Economics. Investment analysis. Market prognosticating. These are not exact sciences. In fact, they do not qualify as science.
Physics. Chemistry. Biology. Sciences, each. They are exact. Theories and hypotheses can be postulated and proven. Beyond denial. Not so with economics and markets.
Perhaps this is why there are entire networks focused on nothing but the sport of economic and market prognostication. The lack of precision leads to copious amounts of opinions. These opinions, wielded like cudgels by reasonably bright, impassioned professionals, make for riveting broadcasts ('riveting' being a subjective description, of course).
You will not find organic chemists verbally sparring with one another on the Organic Chemistry Network. Nor will you see scientists locked in mental jiu jitsu matches, interpolating the merits of String Theory.
Once proven, sciences are generally beyond the pall of debate. They are precise. Known quantities. Proven.
So when the average viewer sees two talking heads debate the relative value of the markets, each being well dressed, articulate and credible, and each speculating antithetical future outcomes, it is no wonder our sentiments change like a newborn's diaper. At one moment, fresh and clean. The next? Not so much.
And being optimistic, while appealing, is not always the sexiest vantage point. In fact, those dark, brooding figures capable of hypothesizing on the connection between monthly labor data and Armageddon remain the most sought after on-air personalties. Imminently quotable. Enigmatic. Smart.
Cottage industries have sprung up around the dark views held by these proselytizers of economic doomsday.
As with all opinions, however, the uncertainty abounds. For all of the 'glum' on which these individuals opine, there remains so much 'um' within their reasoning.
Nouriel Roubini, who's dire forecasts earned him the moniker "Dr. Doom," spent years forecasting cataclysmic scenarios before his accurate call on the residential credit markets gave his opinions the credibility of CNBC, Bloomberg and late night talk shows.
Each end-of-the-world-as-we-know-it scenario is born of partial ignorance and guesswork.
"Um, I can see how that might occur." Not exactly applied mathematics.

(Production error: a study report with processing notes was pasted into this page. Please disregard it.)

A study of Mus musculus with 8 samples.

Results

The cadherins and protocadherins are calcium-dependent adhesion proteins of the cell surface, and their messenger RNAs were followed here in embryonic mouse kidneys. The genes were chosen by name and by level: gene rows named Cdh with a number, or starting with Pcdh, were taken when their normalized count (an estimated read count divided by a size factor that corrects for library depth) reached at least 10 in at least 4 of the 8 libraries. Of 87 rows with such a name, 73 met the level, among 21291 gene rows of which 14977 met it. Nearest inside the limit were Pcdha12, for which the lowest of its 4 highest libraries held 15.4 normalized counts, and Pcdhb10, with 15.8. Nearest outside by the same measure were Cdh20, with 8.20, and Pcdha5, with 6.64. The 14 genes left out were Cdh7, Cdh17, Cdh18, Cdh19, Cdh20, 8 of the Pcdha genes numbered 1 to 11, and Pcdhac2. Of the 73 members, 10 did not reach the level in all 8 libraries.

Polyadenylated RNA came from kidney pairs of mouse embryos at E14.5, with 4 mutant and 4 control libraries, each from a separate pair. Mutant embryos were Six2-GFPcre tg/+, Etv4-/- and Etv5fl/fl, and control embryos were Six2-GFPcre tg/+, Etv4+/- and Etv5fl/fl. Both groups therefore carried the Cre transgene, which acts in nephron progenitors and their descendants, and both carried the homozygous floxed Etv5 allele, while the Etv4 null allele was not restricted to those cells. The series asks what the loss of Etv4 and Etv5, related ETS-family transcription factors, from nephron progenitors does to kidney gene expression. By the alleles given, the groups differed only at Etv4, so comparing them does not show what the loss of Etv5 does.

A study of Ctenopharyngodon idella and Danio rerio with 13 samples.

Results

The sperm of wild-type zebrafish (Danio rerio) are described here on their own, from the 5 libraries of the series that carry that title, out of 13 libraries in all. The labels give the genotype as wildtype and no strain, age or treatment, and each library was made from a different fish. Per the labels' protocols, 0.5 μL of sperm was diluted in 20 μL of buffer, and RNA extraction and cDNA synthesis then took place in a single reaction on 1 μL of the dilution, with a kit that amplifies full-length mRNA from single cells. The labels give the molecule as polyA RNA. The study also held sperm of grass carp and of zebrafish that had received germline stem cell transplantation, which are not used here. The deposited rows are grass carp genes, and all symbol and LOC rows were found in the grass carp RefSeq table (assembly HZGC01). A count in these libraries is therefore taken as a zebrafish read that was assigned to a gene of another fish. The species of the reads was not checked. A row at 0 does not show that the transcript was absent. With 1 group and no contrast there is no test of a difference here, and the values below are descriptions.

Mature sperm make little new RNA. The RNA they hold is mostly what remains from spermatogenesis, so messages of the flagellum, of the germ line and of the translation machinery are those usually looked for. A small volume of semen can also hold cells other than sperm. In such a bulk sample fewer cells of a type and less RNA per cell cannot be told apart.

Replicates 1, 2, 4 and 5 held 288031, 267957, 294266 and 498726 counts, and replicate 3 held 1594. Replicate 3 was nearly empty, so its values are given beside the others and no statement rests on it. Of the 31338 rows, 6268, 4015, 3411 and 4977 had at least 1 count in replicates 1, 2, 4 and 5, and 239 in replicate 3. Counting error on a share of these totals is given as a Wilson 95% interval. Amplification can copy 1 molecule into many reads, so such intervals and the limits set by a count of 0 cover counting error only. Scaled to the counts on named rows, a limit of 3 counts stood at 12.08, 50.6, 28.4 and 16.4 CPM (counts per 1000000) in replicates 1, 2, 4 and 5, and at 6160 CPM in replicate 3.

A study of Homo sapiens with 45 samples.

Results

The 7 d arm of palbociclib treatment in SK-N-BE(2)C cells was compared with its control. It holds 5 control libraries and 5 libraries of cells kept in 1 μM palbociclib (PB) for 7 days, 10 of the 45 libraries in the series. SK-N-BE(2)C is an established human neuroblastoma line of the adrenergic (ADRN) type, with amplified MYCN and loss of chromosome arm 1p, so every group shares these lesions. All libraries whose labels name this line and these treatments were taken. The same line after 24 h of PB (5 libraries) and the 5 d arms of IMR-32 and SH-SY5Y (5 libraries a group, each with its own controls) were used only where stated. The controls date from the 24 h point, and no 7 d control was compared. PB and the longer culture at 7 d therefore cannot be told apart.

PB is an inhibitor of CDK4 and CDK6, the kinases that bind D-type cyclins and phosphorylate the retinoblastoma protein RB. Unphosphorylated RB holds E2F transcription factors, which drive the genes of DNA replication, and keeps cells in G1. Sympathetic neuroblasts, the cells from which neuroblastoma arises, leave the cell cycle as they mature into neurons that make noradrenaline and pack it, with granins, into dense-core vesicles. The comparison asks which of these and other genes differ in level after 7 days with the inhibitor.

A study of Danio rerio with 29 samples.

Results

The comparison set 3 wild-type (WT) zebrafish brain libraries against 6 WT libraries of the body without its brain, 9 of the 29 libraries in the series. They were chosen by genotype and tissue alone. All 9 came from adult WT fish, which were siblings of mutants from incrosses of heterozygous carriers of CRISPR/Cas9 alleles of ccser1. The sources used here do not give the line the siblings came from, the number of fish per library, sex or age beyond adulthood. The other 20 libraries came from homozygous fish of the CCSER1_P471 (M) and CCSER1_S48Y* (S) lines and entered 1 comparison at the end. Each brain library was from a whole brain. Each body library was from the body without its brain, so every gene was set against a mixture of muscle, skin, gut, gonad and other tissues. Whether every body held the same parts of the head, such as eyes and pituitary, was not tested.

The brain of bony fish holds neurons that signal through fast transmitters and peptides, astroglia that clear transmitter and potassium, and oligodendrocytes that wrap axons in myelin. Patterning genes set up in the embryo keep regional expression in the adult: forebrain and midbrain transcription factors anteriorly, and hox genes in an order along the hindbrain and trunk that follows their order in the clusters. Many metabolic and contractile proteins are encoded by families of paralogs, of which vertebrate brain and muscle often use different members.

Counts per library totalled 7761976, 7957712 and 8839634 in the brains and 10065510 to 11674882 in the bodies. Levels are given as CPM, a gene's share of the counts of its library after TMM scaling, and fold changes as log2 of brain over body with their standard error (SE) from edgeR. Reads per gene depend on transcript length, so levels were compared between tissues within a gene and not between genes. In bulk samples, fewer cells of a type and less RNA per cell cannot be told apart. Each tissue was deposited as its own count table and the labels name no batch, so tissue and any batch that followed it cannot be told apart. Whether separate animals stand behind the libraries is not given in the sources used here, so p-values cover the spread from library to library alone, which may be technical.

So, when I see the doomsday soothsayers grab their briefcases and sandwich boards, and the media fixated public begin to echo their calls for chaos, I know that, counter intuitively, all is good with the world.
Yes, a few prognosticators will correctly speculate on each economic disaster to come. But, not my buddy Bob. When Bob explains that the global economy is on the fast track to hell, then I will go long the global economy. Every time.
And while each week provides much to mull over, I remain a contrarian.
After two years of moon-shot returns, with the S&P 500 up 88% since the March '09 lows, this market is due for a slowdown. That said, their remains much about which to be optimistic.
S&P 500 companies will earn 18 % more this year than last. And with the recent 6.8 % decline, valuations have fallen to the cheapest levels in 26 years. Bloomberg states that, even if companies post no growth, price-earnings ratios will be lower than on 96 percent of days these past two decades.
The last month's losses have pushed the equity index to 14.5 times the past year's earnings. That compares with a twenty-year average of 20.5.
And the economy?
Bank lending to small and medium-sized businesses just expanded for the seventh straight month in May. These loans, so central to the health of the U.S. economy, are up a 12.2% annualized rate the past three months.
And if you're willing to read between the lines, there's more:
· Tax receipts were up 19.2% year over year in May.
· Net individual income tax payments were up 55% versus May last year.
· Exports hit a record high in April, up 19% versus a year ago.
· Commercial construction just expanded for the third consecutive month.
· Leading economic indicators rose 0.8% in May after falling 0.4% in April.
When one lifts up the hood on this economy, there remains plenty of horsepower.
Following the recent natural disasters in Japan, and violent storms throughout the Midwest, a temporary slowdown was expected. When the slowdown begins to appear more systemic, we will then join that chorus. If the data percolate upwards in the third quarter, we will hum that tune.
For now, we will call this game as it should be. Objectively. Right down the middle. With opportunities in every direction. Stay tuned.